Monday, August 13, 2012

Characterizing the Fanbases #6: Chicago White Sox

Welcome to the latest installment of Characterizing the Fanbases! In this series I’m attempting to present the psychology of every MLB fanbase. This series, as you would expect, comes with a disclaimer: These characterizations are based on my own perceptions and opinions, and no offense is intended by them. I freely admit that I’m only one man, and my view is therefore limited. I’m fully aware that many fans will not fit the profile I depict, and that’s to be expected, because it’s impossible to make blanket statements about large groups of people. If you want to contest anything I write here, feel free to leave a thoughtful, civil comment. Otherwise, sit back and have fun reading. Perhaps I might even say something insightful!

I’m a White Sox fan as well as a Cub fan, so right up front I don’t fit the stereotype. Most diehard Sox fans flat-out loathe the Cubs, and I’m not always completely accepted among them when I reveal my dual fandom. Having an insider’s perspective though, I think I’m qualified to give the assessment that follows.

Frankly speaking, a large number of White Sox fans have an inferiority complex. On a national scale they’ve been overshadowed in their own city by the Cubs, despite the fact that they’ve had more success over the years. They frequently feel like victims of media bias (not altogether unjustifiably), and many of them react with an “us-against-the-world” attitude. While they outwardly resent the lack of respect, they also sort of like it, because it gives them something to rally around. Remember when the Sox had the AL’s best record in 2005 and still got ignored by the national media going into the playoffs? You’d better believe that being doubted made winning the World Series that much sweeter for Sox fans.

The South Side of Chicago is known for being the blue collar section of town, and as such, many Sox fans love players they see as scrappy, gritty, gutsy, and all those other terms that became so popularly maligned during the heyday of Fire Joe Morgan. In the era of pitcher-friendly Old Comiskey the Sox were often built on smallball and defense, so fittingly, Sox fans were used to watching guys who seemed less like supermen and more like everymen.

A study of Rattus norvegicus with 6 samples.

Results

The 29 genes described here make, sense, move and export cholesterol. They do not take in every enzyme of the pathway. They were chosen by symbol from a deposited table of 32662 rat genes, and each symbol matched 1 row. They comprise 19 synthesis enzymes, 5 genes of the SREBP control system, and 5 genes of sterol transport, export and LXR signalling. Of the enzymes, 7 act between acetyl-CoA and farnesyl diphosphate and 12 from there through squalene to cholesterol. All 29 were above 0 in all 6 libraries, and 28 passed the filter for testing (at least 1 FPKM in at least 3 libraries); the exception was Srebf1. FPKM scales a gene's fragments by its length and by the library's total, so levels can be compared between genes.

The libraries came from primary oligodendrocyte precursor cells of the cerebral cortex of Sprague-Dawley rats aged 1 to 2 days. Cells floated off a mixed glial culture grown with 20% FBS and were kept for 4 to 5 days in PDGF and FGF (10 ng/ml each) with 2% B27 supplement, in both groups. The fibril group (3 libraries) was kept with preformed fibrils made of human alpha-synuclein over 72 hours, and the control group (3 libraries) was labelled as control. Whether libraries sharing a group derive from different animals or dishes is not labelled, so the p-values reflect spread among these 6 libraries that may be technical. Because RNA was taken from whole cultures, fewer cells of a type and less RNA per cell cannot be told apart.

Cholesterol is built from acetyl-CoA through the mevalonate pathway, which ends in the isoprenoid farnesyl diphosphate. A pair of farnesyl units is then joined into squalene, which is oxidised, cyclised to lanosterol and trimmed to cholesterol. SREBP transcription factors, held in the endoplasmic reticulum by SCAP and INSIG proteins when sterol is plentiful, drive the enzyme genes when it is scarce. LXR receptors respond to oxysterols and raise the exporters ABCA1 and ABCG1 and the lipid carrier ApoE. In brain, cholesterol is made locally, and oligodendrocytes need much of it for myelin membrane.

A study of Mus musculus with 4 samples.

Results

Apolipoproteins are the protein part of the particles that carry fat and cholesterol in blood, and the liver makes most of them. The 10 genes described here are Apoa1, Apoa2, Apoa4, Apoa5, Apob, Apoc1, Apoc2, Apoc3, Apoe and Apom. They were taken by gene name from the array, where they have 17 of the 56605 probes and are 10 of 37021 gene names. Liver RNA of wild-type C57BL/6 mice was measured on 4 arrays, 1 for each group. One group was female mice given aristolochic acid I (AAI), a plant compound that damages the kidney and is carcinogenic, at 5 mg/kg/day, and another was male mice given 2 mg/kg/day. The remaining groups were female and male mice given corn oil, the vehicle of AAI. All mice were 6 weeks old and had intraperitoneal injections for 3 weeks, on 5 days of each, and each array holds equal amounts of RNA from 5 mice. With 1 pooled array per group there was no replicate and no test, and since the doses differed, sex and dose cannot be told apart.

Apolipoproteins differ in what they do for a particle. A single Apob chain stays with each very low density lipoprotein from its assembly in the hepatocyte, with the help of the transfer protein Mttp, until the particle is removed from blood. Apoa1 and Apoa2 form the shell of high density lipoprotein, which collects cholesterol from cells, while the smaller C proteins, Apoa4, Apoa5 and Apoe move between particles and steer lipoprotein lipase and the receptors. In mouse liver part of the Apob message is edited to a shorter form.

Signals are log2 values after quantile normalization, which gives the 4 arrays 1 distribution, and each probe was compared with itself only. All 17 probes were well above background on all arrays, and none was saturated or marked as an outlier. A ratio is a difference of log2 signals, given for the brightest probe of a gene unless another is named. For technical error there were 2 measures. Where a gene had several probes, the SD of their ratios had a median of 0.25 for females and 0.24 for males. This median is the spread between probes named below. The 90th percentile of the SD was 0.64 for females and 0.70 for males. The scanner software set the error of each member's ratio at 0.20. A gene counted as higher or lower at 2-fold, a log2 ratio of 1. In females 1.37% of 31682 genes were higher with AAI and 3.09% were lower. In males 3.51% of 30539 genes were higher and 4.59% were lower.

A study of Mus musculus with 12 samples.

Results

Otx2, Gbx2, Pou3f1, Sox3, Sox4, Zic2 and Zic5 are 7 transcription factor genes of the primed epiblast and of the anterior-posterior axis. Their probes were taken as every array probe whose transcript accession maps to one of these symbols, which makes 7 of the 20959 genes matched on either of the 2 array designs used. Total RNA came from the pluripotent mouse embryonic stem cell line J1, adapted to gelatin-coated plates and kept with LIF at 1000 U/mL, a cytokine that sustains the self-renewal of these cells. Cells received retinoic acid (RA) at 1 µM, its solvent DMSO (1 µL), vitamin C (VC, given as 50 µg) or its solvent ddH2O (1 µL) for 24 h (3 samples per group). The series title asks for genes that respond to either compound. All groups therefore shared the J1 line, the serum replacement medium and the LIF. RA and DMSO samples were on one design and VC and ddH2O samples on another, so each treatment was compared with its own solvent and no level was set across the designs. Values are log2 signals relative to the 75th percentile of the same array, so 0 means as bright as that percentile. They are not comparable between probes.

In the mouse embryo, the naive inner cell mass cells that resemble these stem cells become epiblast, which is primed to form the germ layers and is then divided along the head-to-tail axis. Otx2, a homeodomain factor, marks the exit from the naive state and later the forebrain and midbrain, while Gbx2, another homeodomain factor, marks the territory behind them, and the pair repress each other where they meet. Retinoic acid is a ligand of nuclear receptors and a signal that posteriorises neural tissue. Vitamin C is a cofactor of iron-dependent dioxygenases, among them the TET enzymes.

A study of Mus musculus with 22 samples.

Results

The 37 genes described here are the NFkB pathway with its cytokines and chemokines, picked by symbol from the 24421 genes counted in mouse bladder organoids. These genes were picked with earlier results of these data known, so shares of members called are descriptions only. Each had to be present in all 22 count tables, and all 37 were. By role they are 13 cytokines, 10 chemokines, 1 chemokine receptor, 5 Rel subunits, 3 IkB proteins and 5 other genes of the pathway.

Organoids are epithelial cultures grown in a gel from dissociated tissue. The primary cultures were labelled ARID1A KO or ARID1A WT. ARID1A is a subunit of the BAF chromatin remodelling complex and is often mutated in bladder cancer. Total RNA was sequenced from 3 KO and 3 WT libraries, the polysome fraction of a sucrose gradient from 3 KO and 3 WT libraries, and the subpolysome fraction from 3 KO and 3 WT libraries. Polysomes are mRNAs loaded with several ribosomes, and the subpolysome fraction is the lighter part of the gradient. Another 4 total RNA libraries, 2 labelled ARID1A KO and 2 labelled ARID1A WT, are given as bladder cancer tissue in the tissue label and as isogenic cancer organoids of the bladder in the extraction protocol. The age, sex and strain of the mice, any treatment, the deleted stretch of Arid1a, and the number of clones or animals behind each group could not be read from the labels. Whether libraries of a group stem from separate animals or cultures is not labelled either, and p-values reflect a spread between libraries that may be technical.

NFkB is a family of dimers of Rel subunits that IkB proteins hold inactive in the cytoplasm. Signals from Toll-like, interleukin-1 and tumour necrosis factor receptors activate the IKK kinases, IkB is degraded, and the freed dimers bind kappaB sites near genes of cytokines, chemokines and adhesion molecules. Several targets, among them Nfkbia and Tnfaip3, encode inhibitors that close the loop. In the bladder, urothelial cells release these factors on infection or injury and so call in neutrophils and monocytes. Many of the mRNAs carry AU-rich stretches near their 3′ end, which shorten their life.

Even though the Sox have become better known for their home run power since New Comiskey opened, the old mentality maintains some presence among the fanbase. To reference the 2005 team again, the fact that the Sox won it with a balanced roster whose primary strengths were pitching and speed (as opposed to a lineup anchored by superstar sluggers) couldn’t have played into the traditional Sox fan ideal any better.

White Sox fans don’t quite have a national reputation, because the media has never really paid much attention to them. 1918 was a part of baseball lore for many years as a symbol of aching futility in the face of eternal devotion, while 1917 was a year no one had any particular reason to know anything about. When the Sox finally ended their drought, there was no league-wide fanfare like the Red Sox got the year before, just a simple congratulation before everyone moved on with their lives. Unfair? Perhaps a bit, but Sox fans wouldn’t have it any other way. They thrive on their spot in the shadows, and they’d go through an identity crisis if their team were suddenly one of the cool kids.